If success is counted in the number of states that allow legal marijuana, reformers are doing pretty well for themselves. Four states and the District of Columbia have legalized cannabis for any use, while most of the rest of the states allow medical marijuana.
But the outcome of this November’s elections could dwarf those earlier victories. Legal pot is probably on its way to the nation’s largest economy, voters could bring it to the East Coast, and medical marijuana will continue spreading.
Here are the four most important battleground states for cannabis policy in 2016.
It isn’t certain yet that legalization will appear on the California ballot in November, but betting money says it will. The Adult Use of Marijuana Act, which has strong public support, would make it legal for adults over 21 to buy, possess, and use up to an ounce of marijuana for recreation.
The Golden State is the ultimate prize for pot advocates. It has a larger population than any other state and it already grows most of America’s cannabis, so it would immediately become the world’s largest market for legal marijuana. Medical weed has been permitted since 1996, longer than in any other state.
A vote on legalization is already guaranteed in Nevada: The signatures are in and the question is slated to go before voters Nov. 8. This was the first public referendum in the United States to win a spot on the 2016 ballot, and it remains one of the best bets.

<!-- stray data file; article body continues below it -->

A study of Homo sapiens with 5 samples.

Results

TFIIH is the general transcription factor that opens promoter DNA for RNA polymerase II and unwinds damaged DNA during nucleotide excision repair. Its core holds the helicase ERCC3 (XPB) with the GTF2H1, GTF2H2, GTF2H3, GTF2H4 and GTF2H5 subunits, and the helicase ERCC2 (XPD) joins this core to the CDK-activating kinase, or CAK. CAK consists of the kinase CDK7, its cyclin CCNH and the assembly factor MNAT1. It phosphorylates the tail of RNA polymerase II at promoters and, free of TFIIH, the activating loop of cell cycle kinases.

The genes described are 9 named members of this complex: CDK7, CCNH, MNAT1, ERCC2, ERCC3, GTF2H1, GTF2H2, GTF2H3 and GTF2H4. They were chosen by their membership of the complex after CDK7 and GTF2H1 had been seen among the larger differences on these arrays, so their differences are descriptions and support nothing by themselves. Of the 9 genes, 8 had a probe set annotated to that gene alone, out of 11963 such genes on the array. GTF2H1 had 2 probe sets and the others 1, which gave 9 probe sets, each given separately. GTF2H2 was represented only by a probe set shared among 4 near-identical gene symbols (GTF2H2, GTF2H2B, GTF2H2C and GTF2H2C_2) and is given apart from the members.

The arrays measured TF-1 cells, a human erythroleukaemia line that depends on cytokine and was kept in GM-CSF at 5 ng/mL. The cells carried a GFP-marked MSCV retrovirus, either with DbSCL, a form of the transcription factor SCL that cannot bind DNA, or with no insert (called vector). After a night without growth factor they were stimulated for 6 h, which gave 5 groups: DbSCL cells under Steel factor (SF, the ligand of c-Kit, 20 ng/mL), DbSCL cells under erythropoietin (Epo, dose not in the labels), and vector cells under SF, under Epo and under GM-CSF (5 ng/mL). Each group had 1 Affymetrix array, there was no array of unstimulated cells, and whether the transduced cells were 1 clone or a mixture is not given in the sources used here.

Victory in Nevada would bring legal marijuana to another large swath of the Southwest, putting pressure on Arizona and New Mexico to join the crowd. And if California legalizes, as expected, it’s hard to imagine the rest of the country holding out for long.
Legalization will likely make its way to the East Coast by way of Maine or Massachusetts. A vote on the issue is still possible in Massachusetts but unlikely to succeed this year. Odds are thought to be better in neighboring Maine.
Advocates there have turned in enough signatures to put the issue on the ballot. If voters approve the Marijuana Legalization Act, it would allow adults to buy and possess small amounts of cannabis while giving the state authority to regulate and tax a commercial pot industry.
Florida came this close to passing a medical marijuana law in 2014. The “yes” campaign won more than 55 percent of the vote, but a minimum of 60 percent is required to change the state constitution. Advocates think they have enough votes this time.
This year’s campaign is essentially a repeat of the last effort, with backers trusting the tides have shifted enough to get them the 60 percent they need. If they fail in 2016, they say, they’ll just try again in 2018.